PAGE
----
The British Empire cannot be treated as an evil on a par with the Nazis

Britain ignored successive expressions of concern over its conduct at the UN and, far worse, forcibly depopulated the whole archipelago, a step which exceeded the original American request. Between 1967 and 1973, all the inhabitants of Chagos were transported in squalid conditions and resettled in Mauritius. Their pet dogs had to be left behind (along with much else); they were gassed and incinerated. This happened even though deportation, declared a “crime against humanity” by the General Assembly of the UN in 1946, had been explicitly outlawed by the 1949 Geneva Convention of which Britain was an early signatory.

What follows in The Last Colony is the account of the slow but ultimately successful attempt by Mauritius, first in the UN and then at the International Court, to have Britain’s conduct declared illegal. They finally succeeded, against British resistance at every step, in 2019, when the court held that the original detachment of Chagos and continued British administration of the islands were unlawful. The May and Johnson governments have since ignored the court’s judgment, on the basis that it was only an advisory opinion, as well as a subsequent UN resolution. To this day, the Chagossians have not been permitted freely to return home.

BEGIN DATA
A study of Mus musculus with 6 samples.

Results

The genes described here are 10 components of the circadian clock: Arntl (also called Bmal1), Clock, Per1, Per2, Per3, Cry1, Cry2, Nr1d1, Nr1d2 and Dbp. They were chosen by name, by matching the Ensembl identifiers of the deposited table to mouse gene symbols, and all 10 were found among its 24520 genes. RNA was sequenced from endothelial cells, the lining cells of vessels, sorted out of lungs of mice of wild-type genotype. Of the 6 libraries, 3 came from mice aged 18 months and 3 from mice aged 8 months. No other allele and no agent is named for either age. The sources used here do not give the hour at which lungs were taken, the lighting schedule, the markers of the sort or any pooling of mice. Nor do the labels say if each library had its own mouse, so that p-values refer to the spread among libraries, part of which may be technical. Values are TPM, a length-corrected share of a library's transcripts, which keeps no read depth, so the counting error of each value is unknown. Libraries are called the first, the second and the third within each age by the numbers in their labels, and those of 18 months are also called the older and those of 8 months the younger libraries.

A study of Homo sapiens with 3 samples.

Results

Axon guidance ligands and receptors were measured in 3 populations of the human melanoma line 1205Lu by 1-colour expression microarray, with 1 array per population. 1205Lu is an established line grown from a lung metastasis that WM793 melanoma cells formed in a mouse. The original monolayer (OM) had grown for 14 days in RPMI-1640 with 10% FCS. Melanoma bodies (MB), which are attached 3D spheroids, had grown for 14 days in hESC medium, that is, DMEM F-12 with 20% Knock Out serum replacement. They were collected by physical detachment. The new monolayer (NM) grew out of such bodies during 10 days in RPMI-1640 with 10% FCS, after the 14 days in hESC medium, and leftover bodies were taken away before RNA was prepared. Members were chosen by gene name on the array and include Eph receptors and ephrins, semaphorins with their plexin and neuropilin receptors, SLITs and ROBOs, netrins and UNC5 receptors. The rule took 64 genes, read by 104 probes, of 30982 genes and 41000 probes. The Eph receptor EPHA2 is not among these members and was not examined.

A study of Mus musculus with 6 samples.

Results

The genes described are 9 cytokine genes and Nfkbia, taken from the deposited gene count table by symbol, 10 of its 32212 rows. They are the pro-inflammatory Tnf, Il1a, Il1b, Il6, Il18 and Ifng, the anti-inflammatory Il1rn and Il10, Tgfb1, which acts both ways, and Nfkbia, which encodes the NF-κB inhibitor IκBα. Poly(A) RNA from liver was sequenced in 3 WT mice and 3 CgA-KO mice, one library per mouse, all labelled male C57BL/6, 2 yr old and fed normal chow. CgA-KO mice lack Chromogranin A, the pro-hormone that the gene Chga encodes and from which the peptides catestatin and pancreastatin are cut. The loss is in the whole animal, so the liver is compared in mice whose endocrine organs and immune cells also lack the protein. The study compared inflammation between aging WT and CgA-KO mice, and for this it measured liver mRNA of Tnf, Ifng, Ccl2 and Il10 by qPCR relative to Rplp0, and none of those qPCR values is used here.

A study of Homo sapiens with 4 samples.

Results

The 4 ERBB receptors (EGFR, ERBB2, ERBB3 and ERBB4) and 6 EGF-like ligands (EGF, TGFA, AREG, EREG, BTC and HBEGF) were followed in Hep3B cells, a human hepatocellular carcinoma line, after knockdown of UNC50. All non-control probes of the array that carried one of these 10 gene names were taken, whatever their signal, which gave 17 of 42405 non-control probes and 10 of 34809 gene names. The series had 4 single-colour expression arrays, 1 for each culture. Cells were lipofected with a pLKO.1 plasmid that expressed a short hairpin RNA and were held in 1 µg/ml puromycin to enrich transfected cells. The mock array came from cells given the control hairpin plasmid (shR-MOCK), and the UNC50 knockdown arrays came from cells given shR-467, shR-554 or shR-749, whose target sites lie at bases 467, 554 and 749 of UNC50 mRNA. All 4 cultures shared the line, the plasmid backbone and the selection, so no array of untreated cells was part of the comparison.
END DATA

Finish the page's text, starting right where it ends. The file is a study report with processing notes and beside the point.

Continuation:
Sands, who represented Mauritius at the International Court, elegantly mixes a more general history of the development of international law, on which he knows as much as anyone, with the particular subject of the book. In that sense we are in good hands. But some readers may find that there is a problem of tone. He loses no opportunity to emphasise British and American turpitude. He sees nothing odd in citing Lenin as an enemy of colonisation, or rejoicing over the fact that among his client’s allies at the UN were Putin’s Russia (keen to distinguish its seizure of Crimea) and China (likewise in relation to the South China Sea). Australia is sandbagged for siding with Britain at the court: Sands says that it “gave a fair impression of abused child syndrome”. This rather peculiar insult fairly conveys the book’s unvarying high-mindedness. Barristers often get carried away by a strong case. (Robin Cook was not “removed” over the invasion of Iraq, as Sands claims; he resigned.) 

And Sands is certainly on a roll, as he lists the successive causes of Britain’s loss of prestige at the UN: the invasion of Iraq (in which bombers flew from Diego Garcia); suspected British knowledge of US torture of suspected terrorists (including on Diego Garcia); the emergence of Lord Goldsmith’s havering legal advice; Brexit; and to bring matters up to date, Boris Johnson’s dishonest dealing with the UN as foreign secretary.